Blake Farmer | Nashville Public Radio

Blake Farmer

Senior Health Care Reporter

Blake Farmer is Nashville Public Radio's senior health care reporter. In a partnership with Kaiser Health News and NPR, Blake covers health in Tennessee and the health care industry in the Nashville area for local and national audiences.

Blake has worked at WPLN throughout his career, most recently serving as news director and primary editor for the newsroom. Previously, his reporting focused on education and the military. He's also enjoyed producing stories about midnight frog gigging and churches holding gun raffles. 

Growing up in East Nashville, Blake attended Lipscomb Academy. He went to college in Texas at Abilene Christian University where he cut his teeth in radio at KACU-FM. Before joining WPLN full time in 2007, Blake also wrote for the Nashville City Paper and filed international stories for World Christian Broadcasting.

An active member and past-president of the Society of Professional Journalists Middle Tennessee Chapter, Blake has also won numerous regional and national awards from the Associated Press, RTDNA and PRNDI. In 2017, his alma mater honored him with the Gutenberg Award for achievements of journalism graduates. 

This may say more than anything: he always keeps his audio recorder handy, even on vacation, just in case there's a story to be told.

Ways to Connect

Blake Farmer / WPLN

A 5-year-old named Stella practices her kick at the Brentwood YMCA, during a "soft opening" ahead of Memorial Day weekend. And a health reporter asks a leading question: "You showered first, right?"

"Say 'yeah,' " Heather Clendenin instructs her daughter, encouraging a fib.

Blake Farmer / WPLN

Imagine a surgeon scouring the web for how-to videos during a complex procedure. It happens, especially in the ever-evolving and rapidly growing world of implantable medical devices.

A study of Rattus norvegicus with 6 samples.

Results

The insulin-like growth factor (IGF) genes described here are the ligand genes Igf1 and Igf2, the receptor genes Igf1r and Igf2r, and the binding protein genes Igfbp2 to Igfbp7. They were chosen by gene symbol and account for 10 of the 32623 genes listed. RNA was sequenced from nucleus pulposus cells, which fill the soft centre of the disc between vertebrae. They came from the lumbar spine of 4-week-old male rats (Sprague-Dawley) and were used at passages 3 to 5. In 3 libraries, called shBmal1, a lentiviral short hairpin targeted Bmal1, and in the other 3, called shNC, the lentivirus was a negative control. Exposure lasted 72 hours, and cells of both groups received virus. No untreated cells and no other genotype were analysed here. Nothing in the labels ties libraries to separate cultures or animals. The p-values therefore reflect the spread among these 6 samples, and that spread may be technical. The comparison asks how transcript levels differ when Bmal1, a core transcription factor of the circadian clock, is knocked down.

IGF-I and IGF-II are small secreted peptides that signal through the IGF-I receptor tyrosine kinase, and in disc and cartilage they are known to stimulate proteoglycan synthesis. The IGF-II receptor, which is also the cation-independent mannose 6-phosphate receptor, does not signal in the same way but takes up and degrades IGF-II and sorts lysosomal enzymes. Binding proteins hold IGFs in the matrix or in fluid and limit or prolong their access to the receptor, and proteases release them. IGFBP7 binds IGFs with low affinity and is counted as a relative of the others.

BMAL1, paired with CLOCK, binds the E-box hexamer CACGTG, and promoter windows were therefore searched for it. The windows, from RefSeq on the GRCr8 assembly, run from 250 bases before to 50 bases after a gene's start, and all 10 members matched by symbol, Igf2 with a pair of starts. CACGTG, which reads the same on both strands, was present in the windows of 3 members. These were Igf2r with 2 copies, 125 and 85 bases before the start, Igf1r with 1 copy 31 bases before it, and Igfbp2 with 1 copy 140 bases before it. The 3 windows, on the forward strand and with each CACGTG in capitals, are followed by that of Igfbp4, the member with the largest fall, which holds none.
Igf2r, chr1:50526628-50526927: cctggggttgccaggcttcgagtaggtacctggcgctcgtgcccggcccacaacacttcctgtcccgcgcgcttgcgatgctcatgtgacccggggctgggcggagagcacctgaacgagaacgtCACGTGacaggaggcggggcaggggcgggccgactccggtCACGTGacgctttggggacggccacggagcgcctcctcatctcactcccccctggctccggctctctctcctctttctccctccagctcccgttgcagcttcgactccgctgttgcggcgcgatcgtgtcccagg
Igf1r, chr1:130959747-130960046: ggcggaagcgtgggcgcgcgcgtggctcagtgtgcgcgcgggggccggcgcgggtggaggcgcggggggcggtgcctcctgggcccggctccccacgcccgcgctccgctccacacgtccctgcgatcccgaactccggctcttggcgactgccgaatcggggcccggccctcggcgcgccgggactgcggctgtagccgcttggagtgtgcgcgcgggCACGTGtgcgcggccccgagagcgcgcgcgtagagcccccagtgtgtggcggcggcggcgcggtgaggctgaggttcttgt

So now, a virtual reality system is trying to help surgeons prepare to use all the new equipment available to them.

Tony Gonzalez / WPLN

Nashville's first mayoral forum of the 2019 election found unanimity on the issue of dockless scooters and their increasingly apparently safety hazards.

Blake Farmer / WPLN (File photo)

A year after declaring Nashville was experiencing an outbreak of hepatitis A, the virus is on its way out. Public health officials say the number of new cases has plunged, and they're crediting efforts to inoculate people most at risk of contracting the disease.

courtesy Business Wire

A Swiss maker of implantable medical devices is moving its U.S. headquarters from Chicago to Franklin. The company represents a sector that has been largely absent from Nashville's health care industry.

courtesy VUMC

Nashville's largest hospital is launching a part-time addiction clinic, so overdose victims have somewhere close to go after the emergency room. Vanderbilt University Medical Center's new "bridge clinic" began ramping up Friday.

courtesy VUMC

The United Network for Organ Sharing is returning to its old distribution map governing donated livers after a federal court in Atlanta threatened to hold the agency in contempt.

courtesy TSPN

The Tennessee Suicide Prevention Network will more than double in size thanks to a budget bump from state government. Governor Bill Lee directed an additional $625,000 in recurring money to the nonprofit as part of a broader effort aimed at improving mental health.

courtesy VUMC

As of 7:51 a.m. Tuesday, the method for distributing donated organs to dying patients became a bit more equitable. Or at least, that's what the United Network for Organ Sharing intended when it crafted new distribution rules. 

Updated May 17, 2019, 6 p.m. ET

A lawsuit over how to distribute donated livers to dying patients took some startling turns this week.

The United Network for Organ Sharing is returning for the moment to an earlier system for distributing donated livers which it had changed on Tuesday, after a federal court in Atlanta threatened to hold the agency in contempt.